Scalia on Sundays.
In recent days, I've been pondering whether or not to say anything here about last week's meeting in Havana between Pope Francis and Patriarch Kirill of Moscow. I finally decided not to say anything on my own about the Havana meeting, but if you want to read something good on point, the best responses I've read come from Patriarch Sviatoslav Shevchuk and from Father Andriy Chirovsky in First Things (with a follow-up at Catholic World Report).
Today's post was occasioned not by the Havana meeting but by the passing of Associate Justice Antonin Scalia, whose funeral took place this morning in Washington. The news of Justice Scalia's death as well as the various public tributes and reminiscences of his life offered over the past week have given me occasion to wax nostalgic about my life before entering the Society. I saw Justice Scalia a number of times when I was in college and law school, and we once shook hands and chatted briefly during a reception at Notre Dame; of those various encounters, the most memorable remains the first, which took place not in a courtroom or a lecture hall but rather at Mass, on a Sunday morning at Old St. Mary's Church in Washington. Before I went to the nine o' clock Mass at Old St. Mary's for the first time, I had been told that I could expect to see Antonin Scalia in the pews, and those reports proved accurate. Many were the Sundays when I saw Justice Scalia kneeling in his usual place, a well-thumbed pocket missal in hand, edifyingly discreet and unassuming in spite of his fame and influence. As it seemed to me then (and still seems to me now), Antonin Scalia was a man who understood that the greatness of human accomplishments and worldly renown loom very small when compared with the greatness of God.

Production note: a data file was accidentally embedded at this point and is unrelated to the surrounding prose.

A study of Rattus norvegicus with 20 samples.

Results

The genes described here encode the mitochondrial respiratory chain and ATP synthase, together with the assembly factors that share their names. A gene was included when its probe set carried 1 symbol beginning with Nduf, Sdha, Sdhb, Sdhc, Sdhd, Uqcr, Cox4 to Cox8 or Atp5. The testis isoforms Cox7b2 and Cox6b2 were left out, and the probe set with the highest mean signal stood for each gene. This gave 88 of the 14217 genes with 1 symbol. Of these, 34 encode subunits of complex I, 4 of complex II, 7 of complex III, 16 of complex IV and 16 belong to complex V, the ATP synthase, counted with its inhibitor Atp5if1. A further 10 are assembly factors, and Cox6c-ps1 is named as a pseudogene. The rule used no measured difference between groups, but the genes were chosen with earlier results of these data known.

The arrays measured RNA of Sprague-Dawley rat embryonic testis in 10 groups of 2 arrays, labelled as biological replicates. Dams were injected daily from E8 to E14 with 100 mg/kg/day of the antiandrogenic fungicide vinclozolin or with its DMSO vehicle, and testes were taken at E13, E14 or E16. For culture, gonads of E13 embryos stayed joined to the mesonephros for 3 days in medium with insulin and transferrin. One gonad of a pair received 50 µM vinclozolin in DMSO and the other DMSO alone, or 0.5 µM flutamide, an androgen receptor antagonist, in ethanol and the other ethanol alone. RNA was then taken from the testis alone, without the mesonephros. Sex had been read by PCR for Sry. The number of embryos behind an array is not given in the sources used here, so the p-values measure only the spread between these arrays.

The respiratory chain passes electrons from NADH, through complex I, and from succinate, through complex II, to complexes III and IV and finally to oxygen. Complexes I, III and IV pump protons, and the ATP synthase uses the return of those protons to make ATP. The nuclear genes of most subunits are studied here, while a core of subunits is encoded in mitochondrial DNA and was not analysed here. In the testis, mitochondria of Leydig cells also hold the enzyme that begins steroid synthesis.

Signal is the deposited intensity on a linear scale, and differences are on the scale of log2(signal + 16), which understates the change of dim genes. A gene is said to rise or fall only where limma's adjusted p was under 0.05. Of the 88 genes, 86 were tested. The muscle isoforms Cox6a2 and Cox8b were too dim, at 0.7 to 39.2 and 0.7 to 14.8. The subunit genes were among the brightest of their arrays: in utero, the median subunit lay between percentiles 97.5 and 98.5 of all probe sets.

For another appreciation of Scalia on Sundays, it's worth reading what Kenneth Wolfe wrote a couple of days ago in the Wall Street Journal. Most of Wolfe's tribute is trapped behind the WSJ firewall, but the first few paragraphs provide a good idea of the content:
Antonin Scalia attended the traditional Latin Mass nearly every Sunday, at St. John the Beloved church near his home in McLean, Va., or at St. Mary Mother of God church in the Chinatown section of Washington, D.C. When he went to the latter location, it was usually followed by a day of reading in his nearby Supreme Court office, which he did for decades on certain Sundays during the court's term.Wolfe goes on to explain that Scalia's critical comments about the quality of the choir at Old St. Mary's later led to great improvements in the music program, such that the Justice's initially lonely musical "dissent" made life better for the entire congregation. That strikes me as an excellent way to be remembered, and on this, the day of Justice Scalia's funeral, that is how I remember him. AMDG.
In the 20 years I saw him at Mass, not once was he protected by Supreme Court police or by U.S. Marshals. The associate justice with his home number still listed in the telephone book was surprisingly down to earth, true to his New Jersey roots. It was not uncommon to see him park his BMW on G Street in the District before Mass and put on his necktie using the car's mirror. He would walk into St. Mary's with his pre-Vatican II hand missal, always sitting in the same general area, near Patrick Buchanan, about halfway up the aisle on the far left side of the nave.
Justice Scalia loved music, especially opera. So when I was the director of an amateur choir at St. Mary's in the late 1990s (in a Verizon Center-less neighborhood far different from today), we were under increased pressure during the Sundays when he attended High Mass. Our choir was admittedly awful, and even though we rehearsed every Thursday night and Sunday morning, it didn't seem to help much.